As a result of the Tax Cuts and Jobs Act (TCJA) of 2017, many taxpayers may not itemize deductions in the future. Therefore, the benefit of deductions of smaller charitable donations you may have had in the past, could end up being eliminated under the new rules with the doubling of the standard deduction and removal of many other itemized deductions.
A new strategy for married, charitably-inclined couples could be to “bunch” donations every few years to maximize their charitable deduction benefit when they are able to sufficiently surpass the new standard deduction limit. Donor advised funds, charitable trusts, and other tools could be considered to facilitate the bunching of charitable gifts to receive a higher deduction in a specific tax year while distributing the assets to their charities of choice at later dates.
An alternative strategy if you are over 70 ½ and already taking Required Minimum Distributions (RMDs) from your IRA, is to make a Qualified Charitable Distribution (QCD). Taxpayers that do not itemize deductions in 2018 may especially benefit by making QCDs, as they would not otherwise receive any marginal tax benefit from their charitable contributions. IRA owners can give any amount up to $100,000 per year from their IRAs as a QCD, and the contributions to charity are excluded from income. Normally any IRA withdrawal (including RMDs) is taxed as ordinary income. However, when the QCD is donated directly to a charity from the IRA custodian, that amount is removed from taxable income.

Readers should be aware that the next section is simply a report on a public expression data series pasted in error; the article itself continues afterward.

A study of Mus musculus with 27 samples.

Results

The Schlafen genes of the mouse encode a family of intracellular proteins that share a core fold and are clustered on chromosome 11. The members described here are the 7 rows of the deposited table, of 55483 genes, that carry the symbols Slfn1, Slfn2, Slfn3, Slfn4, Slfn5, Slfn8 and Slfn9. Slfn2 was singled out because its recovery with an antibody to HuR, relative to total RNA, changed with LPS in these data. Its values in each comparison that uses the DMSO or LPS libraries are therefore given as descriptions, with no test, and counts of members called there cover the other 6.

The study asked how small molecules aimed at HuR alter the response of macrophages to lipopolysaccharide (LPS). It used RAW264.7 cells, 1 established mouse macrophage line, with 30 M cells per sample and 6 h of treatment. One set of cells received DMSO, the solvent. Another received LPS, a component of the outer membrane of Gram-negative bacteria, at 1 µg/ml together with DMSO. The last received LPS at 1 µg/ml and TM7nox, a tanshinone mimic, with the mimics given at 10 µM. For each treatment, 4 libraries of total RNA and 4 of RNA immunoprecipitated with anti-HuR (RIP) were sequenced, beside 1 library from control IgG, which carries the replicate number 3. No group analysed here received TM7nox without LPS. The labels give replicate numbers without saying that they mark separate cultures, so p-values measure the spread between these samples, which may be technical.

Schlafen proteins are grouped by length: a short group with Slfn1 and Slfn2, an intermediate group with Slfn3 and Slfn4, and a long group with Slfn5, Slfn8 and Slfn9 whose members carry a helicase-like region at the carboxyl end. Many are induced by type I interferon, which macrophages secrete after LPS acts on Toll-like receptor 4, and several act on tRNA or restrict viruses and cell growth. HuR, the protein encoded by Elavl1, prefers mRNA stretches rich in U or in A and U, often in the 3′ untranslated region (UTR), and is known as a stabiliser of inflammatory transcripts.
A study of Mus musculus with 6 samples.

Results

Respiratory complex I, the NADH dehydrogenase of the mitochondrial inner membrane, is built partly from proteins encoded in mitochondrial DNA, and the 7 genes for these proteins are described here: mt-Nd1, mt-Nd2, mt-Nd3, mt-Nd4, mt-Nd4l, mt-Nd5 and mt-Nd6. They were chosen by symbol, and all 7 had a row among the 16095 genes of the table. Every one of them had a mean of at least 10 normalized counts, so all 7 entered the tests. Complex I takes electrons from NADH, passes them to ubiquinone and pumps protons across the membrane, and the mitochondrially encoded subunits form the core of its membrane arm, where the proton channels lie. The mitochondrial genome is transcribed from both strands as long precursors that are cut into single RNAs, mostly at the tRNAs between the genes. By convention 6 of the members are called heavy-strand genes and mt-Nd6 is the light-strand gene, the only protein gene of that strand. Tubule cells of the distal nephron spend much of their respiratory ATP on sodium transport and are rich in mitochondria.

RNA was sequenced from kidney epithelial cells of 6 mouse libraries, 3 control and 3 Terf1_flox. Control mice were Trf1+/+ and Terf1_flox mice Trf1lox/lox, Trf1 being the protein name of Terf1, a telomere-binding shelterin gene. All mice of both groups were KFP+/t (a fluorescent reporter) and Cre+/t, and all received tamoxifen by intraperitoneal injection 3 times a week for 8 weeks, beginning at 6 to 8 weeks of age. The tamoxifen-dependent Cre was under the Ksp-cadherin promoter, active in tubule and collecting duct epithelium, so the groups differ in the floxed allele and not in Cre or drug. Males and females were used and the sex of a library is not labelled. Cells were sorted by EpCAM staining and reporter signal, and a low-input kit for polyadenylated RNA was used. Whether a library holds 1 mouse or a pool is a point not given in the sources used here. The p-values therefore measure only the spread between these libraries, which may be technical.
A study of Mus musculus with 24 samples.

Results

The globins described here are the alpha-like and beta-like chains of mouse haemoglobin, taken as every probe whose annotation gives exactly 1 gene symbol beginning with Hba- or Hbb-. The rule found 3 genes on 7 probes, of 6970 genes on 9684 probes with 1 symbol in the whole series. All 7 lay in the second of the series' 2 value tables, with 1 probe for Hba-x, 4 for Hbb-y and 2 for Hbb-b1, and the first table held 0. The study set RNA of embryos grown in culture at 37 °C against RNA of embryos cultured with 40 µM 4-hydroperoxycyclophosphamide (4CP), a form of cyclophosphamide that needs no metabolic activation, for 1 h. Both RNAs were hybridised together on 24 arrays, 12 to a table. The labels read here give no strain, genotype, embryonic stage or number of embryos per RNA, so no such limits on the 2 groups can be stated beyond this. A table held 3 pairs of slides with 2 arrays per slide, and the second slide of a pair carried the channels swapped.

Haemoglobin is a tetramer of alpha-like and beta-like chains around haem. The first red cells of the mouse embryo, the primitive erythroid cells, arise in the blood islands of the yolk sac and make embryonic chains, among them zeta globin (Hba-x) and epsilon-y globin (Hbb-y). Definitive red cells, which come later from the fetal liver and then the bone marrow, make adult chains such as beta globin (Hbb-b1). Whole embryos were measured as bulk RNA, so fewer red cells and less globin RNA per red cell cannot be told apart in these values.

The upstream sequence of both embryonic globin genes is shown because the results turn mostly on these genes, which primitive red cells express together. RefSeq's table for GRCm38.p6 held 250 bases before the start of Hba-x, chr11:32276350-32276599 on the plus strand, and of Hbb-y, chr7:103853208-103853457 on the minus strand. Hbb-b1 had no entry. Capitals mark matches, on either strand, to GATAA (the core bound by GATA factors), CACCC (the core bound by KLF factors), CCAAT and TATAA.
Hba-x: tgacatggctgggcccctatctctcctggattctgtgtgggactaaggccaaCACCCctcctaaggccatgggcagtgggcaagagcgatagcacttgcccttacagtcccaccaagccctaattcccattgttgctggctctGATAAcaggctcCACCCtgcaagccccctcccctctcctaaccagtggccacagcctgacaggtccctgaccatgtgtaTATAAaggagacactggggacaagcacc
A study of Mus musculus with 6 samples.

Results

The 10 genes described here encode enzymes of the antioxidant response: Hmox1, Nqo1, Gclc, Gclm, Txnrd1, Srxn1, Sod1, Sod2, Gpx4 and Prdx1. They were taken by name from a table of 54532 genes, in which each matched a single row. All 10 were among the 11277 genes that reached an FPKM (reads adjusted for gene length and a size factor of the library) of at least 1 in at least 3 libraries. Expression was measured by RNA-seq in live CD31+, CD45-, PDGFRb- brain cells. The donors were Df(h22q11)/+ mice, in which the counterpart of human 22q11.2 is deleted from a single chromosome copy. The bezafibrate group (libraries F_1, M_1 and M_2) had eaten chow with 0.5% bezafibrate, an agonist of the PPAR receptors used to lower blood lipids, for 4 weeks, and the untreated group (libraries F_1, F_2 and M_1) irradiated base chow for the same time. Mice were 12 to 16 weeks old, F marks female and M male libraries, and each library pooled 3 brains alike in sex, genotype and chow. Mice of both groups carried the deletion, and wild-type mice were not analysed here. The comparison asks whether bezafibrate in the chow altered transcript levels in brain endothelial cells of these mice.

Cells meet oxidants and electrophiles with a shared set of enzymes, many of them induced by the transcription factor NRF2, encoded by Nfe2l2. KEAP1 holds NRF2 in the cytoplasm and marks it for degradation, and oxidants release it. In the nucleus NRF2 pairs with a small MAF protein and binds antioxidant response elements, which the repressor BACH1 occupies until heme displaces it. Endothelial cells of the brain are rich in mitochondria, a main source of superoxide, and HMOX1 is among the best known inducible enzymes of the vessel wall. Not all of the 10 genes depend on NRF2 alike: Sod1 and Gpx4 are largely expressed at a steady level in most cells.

So, if you are over 70 ½ and give annually to charity in smaller amounts and do not plan on itemizing deductions in 2018 – a QCD from your IRA may be the ideal option for you. Given this fact, it may be worth postponing your annual giving until you have the chance to assess the ideal personal planning scenario with your tax preparer.
If you have questions regarding your personal tax situation, speak with one of our investment advisors by calling (858) 509-9500 or by submiting a contact form.